THE ROBINSON LIBRARY
|The Robinson Library >> Order Cetacea|
[nahr' wuhl] Monodon monoceros [mon' uh don mon uh' ser uhs]
The narwhal is a medium-sized whale, averaging 13-15 feet in length and weighing up to 3,500 pounds; females are smaller than males. It is mostly white with dark spots, but the top is always darker than the bottom. It has no dorsal fin, and the fluke is fan-shaped with a deep notch.
The most characteristic feature of the narwhal is its tusk, which is always spiral in a counter-clockwise (as viewed from the animal's perspective) direction and can be as long as 9 feet. Only present in males, the tusk is actually a greatly elongated tooth; the vast majority of male narwhals have only one tusk, on the left side, but rare specimens have been found with both teeth elongated into tusks. The exact purpose of the tusk is unknown, but it is believed to be used in competitions between males for mates.
Distribution and Habitat
Narwhals live in the coastal waters and rivers of the Atlantic and Russian portions of the Arctic, with populations often seen in Hudson Bay and in the waters between Canada and Greenland. Like all other whales, the narwhal must come to the surface to breathe, but it can stay submerged for much longer times than other whales. It can also dive to a depth of 4,500 feet, an ability that allows it to regulate its body temperature by changing the depth at which it swims (in the Arctic, deep water is often warmer than surface and near-surface water).
Although narwhals will migrate, they rarely travel long distances and always stay near coastlines. It appears that narwhal migration has more to do with the migration of its favorite foods than with weather conditions, as it is not uncommon for pods of narwhals to stay in ice-packed areas as long as there is a sufficient food source.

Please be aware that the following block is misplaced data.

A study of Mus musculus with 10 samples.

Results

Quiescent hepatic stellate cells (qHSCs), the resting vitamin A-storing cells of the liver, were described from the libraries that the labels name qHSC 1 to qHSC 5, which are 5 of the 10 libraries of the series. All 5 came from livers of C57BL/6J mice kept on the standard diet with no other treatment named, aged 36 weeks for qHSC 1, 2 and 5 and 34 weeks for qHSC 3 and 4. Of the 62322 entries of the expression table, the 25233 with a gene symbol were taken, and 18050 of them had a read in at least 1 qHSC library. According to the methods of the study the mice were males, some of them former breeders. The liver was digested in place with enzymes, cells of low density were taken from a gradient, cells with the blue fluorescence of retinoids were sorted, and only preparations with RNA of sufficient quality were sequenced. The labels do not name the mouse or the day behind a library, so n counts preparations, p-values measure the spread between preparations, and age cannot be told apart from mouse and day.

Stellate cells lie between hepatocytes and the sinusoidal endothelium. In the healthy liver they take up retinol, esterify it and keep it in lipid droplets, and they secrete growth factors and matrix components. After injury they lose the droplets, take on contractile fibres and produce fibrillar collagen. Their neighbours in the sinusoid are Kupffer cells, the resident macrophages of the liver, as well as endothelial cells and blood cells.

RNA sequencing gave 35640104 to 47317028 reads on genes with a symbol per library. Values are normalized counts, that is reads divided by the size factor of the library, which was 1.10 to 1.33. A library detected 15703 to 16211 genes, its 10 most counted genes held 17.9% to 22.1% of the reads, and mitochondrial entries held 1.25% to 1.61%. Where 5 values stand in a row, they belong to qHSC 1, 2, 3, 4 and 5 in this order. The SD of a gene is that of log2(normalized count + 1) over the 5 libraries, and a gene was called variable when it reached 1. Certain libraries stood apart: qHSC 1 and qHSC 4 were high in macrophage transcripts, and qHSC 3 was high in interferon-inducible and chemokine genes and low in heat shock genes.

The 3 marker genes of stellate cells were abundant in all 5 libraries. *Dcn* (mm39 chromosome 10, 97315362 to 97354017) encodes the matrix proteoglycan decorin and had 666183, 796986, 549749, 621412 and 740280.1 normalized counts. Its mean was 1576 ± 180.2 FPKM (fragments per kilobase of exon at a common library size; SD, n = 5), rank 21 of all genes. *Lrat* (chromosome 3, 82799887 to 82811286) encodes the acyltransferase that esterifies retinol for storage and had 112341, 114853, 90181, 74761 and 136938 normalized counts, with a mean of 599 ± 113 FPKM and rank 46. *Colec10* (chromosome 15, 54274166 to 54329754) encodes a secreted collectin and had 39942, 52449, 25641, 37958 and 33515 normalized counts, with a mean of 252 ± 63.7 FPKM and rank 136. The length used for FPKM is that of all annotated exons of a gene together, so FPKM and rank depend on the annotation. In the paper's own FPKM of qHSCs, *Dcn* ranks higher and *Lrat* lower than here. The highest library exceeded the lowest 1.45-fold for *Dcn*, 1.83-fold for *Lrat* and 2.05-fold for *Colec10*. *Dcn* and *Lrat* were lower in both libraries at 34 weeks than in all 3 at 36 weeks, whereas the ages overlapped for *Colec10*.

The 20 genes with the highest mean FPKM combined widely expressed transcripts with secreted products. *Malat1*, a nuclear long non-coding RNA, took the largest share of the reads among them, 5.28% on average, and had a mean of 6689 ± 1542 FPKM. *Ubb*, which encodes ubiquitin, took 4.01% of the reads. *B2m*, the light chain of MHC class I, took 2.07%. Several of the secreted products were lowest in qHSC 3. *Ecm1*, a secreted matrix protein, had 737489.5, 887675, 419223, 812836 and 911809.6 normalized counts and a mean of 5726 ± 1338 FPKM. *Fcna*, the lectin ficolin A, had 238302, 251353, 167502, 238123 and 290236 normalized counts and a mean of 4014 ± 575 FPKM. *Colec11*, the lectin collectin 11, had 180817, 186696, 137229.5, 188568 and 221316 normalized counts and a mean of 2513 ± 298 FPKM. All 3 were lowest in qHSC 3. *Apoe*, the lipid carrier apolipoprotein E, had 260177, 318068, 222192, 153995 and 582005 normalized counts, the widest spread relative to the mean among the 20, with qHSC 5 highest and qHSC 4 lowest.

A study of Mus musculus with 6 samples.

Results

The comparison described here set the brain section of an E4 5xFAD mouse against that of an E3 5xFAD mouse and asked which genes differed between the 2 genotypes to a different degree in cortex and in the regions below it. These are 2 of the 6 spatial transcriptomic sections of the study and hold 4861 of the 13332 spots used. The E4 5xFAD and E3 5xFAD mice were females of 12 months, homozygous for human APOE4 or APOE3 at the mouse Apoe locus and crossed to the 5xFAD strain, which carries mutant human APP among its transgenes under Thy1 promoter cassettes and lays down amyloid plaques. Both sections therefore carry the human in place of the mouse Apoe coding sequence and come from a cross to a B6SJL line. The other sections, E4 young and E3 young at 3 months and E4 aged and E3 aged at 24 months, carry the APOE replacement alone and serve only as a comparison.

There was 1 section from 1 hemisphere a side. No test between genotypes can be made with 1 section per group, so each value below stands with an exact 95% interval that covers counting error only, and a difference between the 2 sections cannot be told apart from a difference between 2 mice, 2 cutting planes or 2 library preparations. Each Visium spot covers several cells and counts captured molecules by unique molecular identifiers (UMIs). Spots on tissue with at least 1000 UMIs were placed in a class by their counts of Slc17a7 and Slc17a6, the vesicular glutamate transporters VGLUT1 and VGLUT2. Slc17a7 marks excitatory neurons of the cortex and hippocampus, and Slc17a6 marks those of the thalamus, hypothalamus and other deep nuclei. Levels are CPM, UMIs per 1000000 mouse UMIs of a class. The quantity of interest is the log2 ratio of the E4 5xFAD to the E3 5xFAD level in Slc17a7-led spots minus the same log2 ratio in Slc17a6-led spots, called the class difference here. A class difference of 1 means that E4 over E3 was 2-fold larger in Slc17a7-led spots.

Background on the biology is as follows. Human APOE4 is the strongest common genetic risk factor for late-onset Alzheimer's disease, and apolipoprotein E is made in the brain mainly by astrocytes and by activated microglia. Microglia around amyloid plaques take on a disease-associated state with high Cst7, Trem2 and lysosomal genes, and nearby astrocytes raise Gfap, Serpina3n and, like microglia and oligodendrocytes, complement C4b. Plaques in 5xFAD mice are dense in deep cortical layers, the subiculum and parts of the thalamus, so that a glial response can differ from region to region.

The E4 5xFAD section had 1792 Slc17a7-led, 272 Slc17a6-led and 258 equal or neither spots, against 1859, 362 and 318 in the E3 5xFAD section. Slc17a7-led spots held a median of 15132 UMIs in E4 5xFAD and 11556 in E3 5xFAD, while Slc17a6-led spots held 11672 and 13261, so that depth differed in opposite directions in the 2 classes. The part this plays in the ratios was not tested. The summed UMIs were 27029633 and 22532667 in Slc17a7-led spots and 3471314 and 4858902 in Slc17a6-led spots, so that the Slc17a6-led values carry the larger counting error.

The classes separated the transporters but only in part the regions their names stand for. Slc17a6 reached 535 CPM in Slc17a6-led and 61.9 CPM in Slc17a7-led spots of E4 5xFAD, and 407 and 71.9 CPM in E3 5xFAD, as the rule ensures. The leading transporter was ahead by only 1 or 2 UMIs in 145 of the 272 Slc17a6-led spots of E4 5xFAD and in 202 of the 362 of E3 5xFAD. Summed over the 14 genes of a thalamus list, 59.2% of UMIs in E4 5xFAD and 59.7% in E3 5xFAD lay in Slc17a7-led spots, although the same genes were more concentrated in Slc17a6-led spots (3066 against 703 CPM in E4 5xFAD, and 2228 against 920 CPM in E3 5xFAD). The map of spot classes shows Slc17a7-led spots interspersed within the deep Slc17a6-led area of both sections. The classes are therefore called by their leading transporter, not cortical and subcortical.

Narwhals feed on a variety of Arctic fish and cephalopoda, but have a preference for cod, halibut, squid, and shrimp.
Little is known about the courting and mating behavior of narwhals except that breeding tends to occur in mid-April. One calf is born after a gestation period of 15 months, and birth always takes place in a deep bay or inlet. Newborn calves are about 5 feet long and weigh about 180 pounds; they begin life dark blue-gray in color, and become olive brown on the back as juveniles before finally attaining adult coloration. Males reach sexual maturity at 8-9 years, females at 4-7 years.
Narwhals usually move in groups of 20-30, but ther may be as many as 1,000 in one pod during migration. Group composition appears to vary considerably, with some pods consisting almost entirely of one or the other sex and others including members of both sex.
The total number of narwhals in the wild has never been determined, but the species is not considered endangered.
Library >> Order Cetacea
This page was last updated on July 09, 2018.